There is something about the King James rendering of the first part of this verse that gets me: My flesh and my heart faileth. The term “may” in all the other major translations leaves us with some mental wiggle space. We see the word “may” as “this might happen, but it might not.” No. My flesh will fail. My heart will fail. I will come to an end.
That’s a super-morbid way to start off, isn’t it?
When you deal with chronic illness, whether it’s migraines, M.E., liver disorders, Fibromyalgia, POTS or anything else, you’re faced with mortality. Your body doesn’t work correctly, no matter how much you want it do. The broken, fallen nature of this world is apparent every time you look in the mirror and see the bags under your eyes. Or when a wave of nausea washes over you. Or when it feels like someone smashed you across the face with a brick.
My flesh and my heart faileth.
And “but’s” really are holy things.
The word “portion” here in this verse is the Hebrew cheleq (khay’-lek), meaning “portion, share, part, territory…tract, parcel (of land)…one’s portion, one’s possession…award from God.”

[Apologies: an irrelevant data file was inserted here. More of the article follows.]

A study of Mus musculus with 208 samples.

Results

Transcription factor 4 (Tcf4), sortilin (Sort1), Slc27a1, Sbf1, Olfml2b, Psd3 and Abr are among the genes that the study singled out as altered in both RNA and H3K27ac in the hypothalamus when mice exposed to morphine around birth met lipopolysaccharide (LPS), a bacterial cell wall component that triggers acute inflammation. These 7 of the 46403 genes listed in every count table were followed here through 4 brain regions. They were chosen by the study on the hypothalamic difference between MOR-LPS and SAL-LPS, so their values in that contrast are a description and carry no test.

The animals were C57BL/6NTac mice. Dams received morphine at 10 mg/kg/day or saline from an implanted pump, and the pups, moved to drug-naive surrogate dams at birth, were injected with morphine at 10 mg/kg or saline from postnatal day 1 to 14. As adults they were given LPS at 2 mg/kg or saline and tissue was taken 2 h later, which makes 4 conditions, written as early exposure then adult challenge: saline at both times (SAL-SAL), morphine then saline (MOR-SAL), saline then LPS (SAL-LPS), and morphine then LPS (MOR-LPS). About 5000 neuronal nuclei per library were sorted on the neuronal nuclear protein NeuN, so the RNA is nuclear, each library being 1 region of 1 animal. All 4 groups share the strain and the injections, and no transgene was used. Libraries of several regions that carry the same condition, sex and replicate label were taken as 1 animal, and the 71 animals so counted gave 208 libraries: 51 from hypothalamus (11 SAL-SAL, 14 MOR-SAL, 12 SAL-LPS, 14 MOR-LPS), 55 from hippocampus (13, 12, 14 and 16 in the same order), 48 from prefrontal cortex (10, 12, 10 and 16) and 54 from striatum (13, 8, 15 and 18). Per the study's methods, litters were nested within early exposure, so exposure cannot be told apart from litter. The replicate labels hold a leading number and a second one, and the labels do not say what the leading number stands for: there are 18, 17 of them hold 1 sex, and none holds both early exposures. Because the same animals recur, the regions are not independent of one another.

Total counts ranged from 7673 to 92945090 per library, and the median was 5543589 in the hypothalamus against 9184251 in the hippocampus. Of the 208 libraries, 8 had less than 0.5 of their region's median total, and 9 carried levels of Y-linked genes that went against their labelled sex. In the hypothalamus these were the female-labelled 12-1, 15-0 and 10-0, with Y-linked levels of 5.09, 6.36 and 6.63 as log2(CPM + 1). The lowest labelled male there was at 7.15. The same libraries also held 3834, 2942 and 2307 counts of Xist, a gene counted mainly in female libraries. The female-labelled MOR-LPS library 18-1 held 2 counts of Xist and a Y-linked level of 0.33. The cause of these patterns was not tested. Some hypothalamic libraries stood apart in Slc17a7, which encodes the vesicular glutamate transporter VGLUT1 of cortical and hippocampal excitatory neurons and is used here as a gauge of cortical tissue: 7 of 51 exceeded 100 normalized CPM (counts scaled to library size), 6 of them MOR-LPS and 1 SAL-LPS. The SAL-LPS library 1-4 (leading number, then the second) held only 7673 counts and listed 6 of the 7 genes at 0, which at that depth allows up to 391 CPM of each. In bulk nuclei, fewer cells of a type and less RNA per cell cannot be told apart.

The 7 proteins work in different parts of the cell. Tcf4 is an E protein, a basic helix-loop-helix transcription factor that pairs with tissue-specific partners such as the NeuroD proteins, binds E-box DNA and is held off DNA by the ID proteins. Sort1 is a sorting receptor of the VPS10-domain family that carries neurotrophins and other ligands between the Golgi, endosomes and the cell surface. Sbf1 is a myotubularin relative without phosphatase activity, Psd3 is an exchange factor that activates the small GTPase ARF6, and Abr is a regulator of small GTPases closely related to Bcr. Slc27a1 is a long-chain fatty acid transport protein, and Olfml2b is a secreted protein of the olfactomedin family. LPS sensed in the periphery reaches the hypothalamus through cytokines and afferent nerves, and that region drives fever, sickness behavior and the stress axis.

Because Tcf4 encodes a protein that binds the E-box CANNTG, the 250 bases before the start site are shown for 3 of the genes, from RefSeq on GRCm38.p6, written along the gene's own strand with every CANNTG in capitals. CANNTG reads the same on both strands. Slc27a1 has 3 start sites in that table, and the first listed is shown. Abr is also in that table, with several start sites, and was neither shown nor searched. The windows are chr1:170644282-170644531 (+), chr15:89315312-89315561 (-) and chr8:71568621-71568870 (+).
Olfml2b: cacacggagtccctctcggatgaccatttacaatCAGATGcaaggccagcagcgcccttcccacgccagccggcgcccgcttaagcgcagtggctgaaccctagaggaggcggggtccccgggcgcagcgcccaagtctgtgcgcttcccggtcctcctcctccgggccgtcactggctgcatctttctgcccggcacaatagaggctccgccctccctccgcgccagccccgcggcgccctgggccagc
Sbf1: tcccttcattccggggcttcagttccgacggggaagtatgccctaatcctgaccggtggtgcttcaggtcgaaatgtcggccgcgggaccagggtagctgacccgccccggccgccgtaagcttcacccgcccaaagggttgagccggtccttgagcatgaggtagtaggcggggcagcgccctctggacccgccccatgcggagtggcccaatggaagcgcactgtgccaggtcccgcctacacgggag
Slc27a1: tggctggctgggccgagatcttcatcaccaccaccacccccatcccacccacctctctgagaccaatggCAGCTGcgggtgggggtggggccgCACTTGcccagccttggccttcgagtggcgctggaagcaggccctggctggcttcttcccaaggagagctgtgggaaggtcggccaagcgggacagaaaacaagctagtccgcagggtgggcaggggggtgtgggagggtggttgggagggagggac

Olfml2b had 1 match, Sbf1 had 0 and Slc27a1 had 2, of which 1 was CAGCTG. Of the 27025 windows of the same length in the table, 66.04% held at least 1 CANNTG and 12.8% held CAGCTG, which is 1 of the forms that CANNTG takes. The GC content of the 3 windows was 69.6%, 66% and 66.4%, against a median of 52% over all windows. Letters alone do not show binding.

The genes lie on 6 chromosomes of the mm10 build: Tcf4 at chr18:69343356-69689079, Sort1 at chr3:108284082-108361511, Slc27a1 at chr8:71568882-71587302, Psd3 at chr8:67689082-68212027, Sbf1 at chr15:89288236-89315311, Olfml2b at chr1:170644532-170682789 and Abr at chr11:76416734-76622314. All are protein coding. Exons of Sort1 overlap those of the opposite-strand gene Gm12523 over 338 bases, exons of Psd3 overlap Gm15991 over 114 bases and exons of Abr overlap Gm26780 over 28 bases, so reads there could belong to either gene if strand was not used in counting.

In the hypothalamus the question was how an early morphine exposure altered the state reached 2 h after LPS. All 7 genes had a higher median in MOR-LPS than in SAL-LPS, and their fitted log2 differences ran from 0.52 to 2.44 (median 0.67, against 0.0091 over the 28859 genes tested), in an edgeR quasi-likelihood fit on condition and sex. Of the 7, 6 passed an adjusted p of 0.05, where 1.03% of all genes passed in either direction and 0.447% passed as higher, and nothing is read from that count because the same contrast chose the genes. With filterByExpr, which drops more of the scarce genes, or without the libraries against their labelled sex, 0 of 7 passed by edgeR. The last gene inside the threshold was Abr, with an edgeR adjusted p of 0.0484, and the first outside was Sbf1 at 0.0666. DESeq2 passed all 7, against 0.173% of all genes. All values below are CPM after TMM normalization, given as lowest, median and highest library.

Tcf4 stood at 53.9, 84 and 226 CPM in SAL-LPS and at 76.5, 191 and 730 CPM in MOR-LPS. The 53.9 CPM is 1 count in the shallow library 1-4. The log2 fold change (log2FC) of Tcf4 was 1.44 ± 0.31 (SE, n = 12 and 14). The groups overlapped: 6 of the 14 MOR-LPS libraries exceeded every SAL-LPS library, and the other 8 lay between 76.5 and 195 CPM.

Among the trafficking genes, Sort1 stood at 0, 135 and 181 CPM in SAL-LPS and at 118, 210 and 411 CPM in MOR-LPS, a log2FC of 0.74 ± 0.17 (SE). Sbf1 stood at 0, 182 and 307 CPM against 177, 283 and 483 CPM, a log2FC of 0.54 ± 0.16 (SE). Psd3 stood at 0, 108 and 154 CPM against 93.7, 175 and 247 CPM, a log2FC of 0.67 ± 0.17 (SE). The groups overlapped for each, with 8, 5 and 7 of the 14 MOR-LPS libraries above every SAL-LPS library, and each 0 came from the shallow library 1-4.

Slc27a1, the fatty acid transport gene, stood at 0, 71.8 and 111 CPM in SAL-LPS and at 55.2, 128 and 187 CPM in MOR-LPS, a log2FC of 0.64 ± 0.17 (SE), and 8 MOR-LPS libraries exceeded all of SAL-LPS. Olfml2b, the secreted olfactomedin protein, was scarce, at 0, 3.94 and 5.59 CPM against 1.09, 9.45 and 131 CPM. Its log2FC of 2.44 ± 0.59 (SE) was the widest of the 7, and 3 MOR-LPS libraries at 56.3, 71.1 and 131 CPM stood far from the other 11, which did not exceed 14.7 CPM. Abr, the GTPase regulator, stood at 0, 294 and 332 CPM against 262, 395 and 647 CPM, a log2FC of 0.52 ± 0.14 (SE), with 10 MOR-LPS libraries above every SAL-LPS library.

My flesh and my heart faileth…BUT…God is my possession.
He is my reward.
I find that immensely comforting. All this suffering, it isn’t for naught. There is a prize at the end and it is the Lord Himself.
We don’t necessarily understand the importance of family and inheritance rights during the time when this Psalm was written. The Promised Land was carefully and specifically divided up amongst the various Israelite tribes. Those broad divisions were further broken up along family lines. Even women could inherit land, a radical concept in the ancient world (see Num. 26:33; 27:1-7; 36:1-12; 1 Chr. 7:15; and Josh. 17:1-6). Each person had a place to call his or her own. Everyone would inherit something, whether by blood or by marriage.
According to the Psalmist, the Infinite and Majestic Creator puts Himself in the position of being an inheritance. When all is said and done, when the heart ceases beating and the brain stops waving; when the spirit exits the body, those who walk in relationship with God will not lose anything. Instead, we gain everything.
In his commentary on this passage, Matthew Henry writes:
All is well if God be mine.
Comfort one another with these words. – 1 Thessalonians 4:18 (NKJV)
To read all the posts in The Detox Diaries series, go here.
This post also appeared on the Far East Broadcasting Company Gospel Blog on June 2, 2014.